Washington Sheriffs Are Refusing to Enforce New Gun Control Measure Restricting Semi-Automatic Rifles: 'I Swore an Oath'


More than three months after the legislation passed, several sheriffs in Washington state refuse to enforce the state's new gun conrol law as they wait for the courts to rule on a lawsuit brought by the National Rifle Association and the Second Amendment Foundation that claims the law is unconstitutional.

"We will not sit idly by while elitist anti-gun activists attempt to deny everyday Americans their fundamental right to self-defense," Chris W. Cox, executive director of the NRA's Institute for Legislative Action, said in a statement.

In November, Initiative 1639 was passed by nearly 60 percent of voters, marking some of the biggest changes to the state's gun laws, after the school shooting in Parkland, Florida, last February, which left 17 people dead.

The legislation requires raising the state minimum age to purchase semi-automatic rifles from 18 to 21, as well as adding additional background checks, increasing waiting periods and enacting storage requirements.

Most of the new initiative is scheduled to take effect on July 1, 2019, except for Section 13, which established the new age requirements; that took effect on January 1.

Almost immediately, some sheriffs announced they would effectively ignore the new law until the courts ruled. In November, Republic Police Chief Loren Culp posted on his department's Facebook page that "As long as I am Chief of Police, no Republic police officer will infringe on a citizen's right to keep and bear arms, PERIOD!"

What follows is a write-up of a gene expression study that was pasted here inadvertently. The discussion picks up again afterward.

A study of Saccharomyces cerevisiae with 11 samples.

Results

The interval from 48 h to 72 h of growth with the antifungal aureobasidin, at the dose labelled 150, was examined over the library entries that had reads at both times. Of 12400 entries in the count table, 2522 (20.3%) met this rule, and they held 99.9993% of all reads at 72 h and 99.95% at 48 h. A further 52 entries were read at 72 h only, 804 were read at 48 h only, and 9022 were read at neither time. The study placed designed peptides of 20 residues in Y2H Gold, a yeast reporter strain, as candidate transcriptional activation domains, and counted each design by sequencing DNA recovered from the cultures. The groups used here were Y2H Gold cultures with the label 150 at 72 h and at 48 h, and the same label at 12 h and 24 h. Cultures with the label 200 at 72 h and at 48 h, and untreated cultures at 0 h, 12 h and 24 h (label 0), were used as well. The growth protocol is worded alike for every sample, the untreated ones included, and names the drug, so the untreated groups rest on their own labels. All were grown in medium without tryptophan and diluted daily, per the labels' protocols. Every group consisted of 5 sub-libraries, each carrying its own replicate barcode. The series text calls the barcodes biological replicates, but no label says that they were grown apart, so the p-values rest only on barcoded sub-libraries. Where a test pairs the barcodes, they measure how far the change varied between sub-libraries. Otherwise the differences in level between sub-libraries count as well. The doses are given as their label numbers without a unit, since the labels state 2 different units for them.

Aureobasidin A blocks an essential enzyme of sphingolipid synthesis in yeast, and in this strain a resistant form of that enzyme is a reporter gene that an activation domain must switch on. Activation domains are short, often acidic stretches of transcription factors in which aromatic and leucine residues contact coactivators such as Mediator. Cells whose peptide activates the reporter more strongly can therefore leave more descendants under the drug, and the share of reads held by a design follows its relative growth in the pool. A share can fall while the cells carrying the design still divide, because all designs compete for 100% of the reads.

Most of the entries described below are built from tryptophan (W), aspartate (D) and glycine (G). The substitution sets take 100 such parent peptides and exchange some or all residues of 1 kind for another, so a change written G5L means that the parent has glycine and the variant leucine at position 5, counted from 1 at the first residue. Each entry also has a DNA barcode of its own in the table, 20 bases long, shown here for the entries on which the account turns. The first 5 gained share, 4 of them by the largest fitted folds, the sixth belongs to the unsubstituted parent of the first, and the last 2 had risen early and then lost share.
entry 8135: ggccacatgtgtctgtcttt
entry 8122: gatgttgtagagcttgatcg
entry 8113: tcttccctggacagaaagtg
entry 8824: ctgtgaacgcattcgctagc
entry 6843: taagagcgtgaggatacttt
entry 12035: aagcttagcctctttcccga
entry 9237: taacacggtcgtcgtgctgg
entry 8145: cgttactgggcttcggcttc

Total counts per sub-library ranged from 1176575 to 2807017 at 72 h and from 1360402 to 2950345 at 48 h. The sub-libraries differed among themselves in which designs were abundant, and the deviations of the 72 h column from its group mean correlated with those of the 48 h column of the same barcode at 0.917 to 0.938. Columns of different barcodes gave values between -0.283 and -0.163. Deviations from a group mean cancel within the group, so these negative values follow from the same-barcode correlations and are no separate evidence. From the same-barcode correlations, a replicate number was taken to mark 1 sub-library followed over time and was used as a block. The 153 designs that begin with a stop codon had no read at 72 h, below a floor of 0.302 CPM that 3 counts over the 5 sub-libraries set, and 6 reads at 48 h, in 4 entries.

Klickitat Sheriff Bob Songer also told KPTV in January: "1639 is unconstitutional, so therefore I will not be enforcing 1639 against the citizens of Klickitat County."

According to The Associated Press, sheriffs in 2 mainly rural counties—Benton, Cowlitz, Douglas, Grant, Lincoln, Mason, Okanogan, Pacific, Stevens, Yakima, Wahkiakum, as well as Klickitat and the small town of Republic—are not enforcing the new laws.

"I swore an oath to defend our citizens and their constitutionally protected rights," Grant County Sheriff Tom Jones told The Associated Press. "I do not believe the popular vote overrules that."

With the one-year anniversary of the Parkland massacre days away, Renee Hopkins, chief executive of the Alliance for Gun Responsibility, which helped to push the initiative, criticized the sheriffs who were not enforcing the new laws.

"The political grandstanding is disheartening," Hopkins told The Associated Press. "If they do not [run the background checks], we will have a huge problem."

Hopkins noted that a majority of sheriffs and other law enforcement leaders supported the changes to the state's gun laws.

In a statement posted on Facebook on February 2, the Clark County Sheriff's Office confirmed that it would adhere to the law "unless a court rules that it is unconstitutional."